Satcom gibberish or industry standard?

To officially become a rocket scientist, you have to pass a single, very simple test — you need to understand what "broadband satellite terminals compliant with the DVB-S2/IPoS air interface standard, including the Adaptive Coding Modulation (ACM) feature" are.

Just kidding, but it is complicated. Today, Hughes Network Systems announced the that it has shipped more than 300,000 of the devices. What makes these broadband satellite terminals different? Let’s break it down:

IPoS specifies a “Satellite Independent Service Access Point” (SI-SAP), which creates a well defined interface between the satellite-dependent functions and the application layers, thereby enabling an open-service delivery platform. Its first version was approved by the world’s major standards organizations in 2005: the Telecommunications Industry Association (TIA) in North America, and ETSI and ITU (International Telecommunications Union) in Europe.

In December 2006, ETSI further approved the Internet Protocol over Satellite.v2 (IPoS.v2) air interface standard, which incorporates the DVB-S2 industry standard including ACM (Adaptive Coding and Modulation). Link performance is continually optimized even during high rain conditions by adjusting error-correcting codes and modulation dynamically, based on signal quality feedback from remote terminals.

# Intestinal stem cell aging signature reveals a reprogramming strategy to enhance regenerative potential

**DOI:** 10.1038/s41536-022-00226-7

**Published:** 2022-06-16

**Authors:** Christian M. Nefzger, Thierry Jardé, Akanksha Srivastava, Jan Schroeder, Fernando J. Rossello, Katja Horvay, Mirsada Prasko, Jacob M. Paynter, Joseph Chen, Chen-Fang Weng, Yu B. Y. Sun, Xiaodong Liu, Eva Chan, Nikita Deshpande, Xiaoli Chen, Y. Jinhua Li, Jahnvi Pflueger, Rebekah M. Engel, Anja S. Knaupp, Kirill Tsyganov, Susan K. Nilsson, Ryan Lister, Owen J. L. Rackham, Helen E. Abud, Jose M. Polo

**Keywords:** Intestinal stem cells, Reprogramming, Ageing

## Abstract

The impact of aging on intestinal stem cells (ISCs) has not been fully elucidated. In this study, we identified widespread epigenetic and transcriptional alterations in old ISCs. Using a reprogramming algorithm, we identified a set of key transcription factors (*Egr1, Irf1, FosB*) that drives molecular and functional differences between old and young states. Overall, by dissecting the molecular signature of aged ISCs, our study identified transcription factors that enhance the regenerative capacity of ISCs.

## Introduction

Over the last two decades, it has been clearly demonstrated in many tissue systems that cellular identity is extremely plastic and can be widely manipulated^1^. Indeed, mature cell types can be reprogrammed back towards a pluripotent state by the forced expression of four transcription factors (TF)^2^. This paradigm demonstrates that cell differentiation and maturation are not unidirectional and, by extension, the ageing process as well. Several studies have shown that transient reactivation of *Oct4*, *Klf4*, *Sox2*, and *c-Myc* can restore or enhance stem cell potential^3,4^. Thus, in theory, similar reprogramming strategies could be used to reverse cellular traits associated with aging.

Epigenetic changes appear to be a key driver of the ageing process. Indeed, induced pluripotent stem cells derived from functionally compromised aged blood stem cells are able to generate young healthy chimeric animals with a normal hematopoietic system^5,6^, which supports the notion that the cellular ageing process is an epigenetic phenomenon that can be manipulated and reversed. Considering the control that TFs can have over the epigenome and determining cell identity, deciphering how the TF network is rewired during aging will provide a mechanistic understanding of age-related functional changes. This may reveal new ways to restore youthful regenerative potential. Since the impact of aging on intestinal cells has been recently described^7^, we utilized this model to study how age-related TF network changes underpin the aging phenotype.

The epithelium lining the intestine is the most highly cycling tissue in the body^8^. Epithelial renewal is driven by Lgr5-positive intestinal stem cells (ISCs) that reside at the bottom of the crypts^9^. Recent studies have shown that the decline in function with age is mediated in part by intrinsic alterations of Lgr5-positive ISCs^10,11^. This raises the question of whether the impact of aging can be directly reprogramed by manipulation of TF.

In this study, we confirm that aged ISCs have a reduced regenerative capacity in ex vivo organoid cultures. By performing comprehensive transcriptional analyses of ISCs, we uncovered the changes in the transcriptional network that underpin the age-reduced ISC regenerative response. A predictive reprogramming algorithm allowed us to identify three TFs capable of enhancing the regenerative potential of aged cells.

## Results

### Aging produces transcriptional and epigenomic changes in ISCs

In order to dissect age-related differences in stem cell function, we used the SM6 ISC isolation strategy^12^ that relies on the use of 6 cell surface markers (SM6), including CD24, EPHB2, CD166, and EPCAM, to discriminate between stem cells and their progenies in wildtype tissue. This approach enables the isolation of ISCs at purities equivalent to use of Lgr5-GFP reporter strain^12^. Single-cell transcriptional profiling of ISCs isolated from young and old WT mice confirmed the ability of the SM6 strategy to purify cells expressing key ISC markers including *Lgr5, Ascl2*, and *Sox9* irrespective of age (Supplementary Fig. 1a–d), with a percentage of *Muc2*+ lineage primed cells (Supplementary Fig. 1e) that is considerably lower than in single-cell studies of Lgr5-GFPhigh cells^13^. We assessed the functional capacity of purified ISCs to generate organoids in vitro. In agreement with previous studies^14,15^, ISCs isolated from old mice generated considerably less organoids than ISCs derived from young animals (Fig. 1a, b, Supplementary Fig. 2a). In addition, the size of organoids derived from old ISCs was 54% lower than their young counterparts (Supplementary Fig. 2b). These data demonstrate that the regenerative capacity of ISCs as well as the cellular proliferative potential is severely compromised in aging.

With the addition of DVB-S2 including the ACM feature, IPoS-compliant networks yield higher throughputs and up to 50 % more efficient bandwidth utilization over the DVB-S specification.The unique Hughes implementation of the ACM feature means the combination of coding and modulation of the outbound channel can be configured for each remote terminal, so that the Hughes system is able to transmit data at the optimum efficiency for each terminal. This ability to custom design the outbound link per terminal enables an operator typically to realize an additional 50 percent throughput over the DVB-S specification.

One prominent deployment worth mentioning is Kuwait-based, Gulfsat, which runs a large Middle-East communications network:

Mustafa Murad, chief operating officer at Gulfsat, said, “We are very pleased to be using the Hughes broadband satellite platform to provide our new, two-way residential Internet service and to have the first DVB-S2 NOC serving the residential market in the Gulf region.” Mr. Murad added , “One of the key factors in selecting Hughes was their proven experience with over 170,000 DVB-S2/ACM capable terminals shipped worldwide as of February 2007. The Hugh es implementation of DVB-S2 allows us to provide a very efficient and cost-effective service to our customers with improved satellite Internet browsing and download performance at a level that traditional landline service cannot match.”

Gulfsat has one of the largest satellite antenna farms in the region, reaching ten satellites, in total.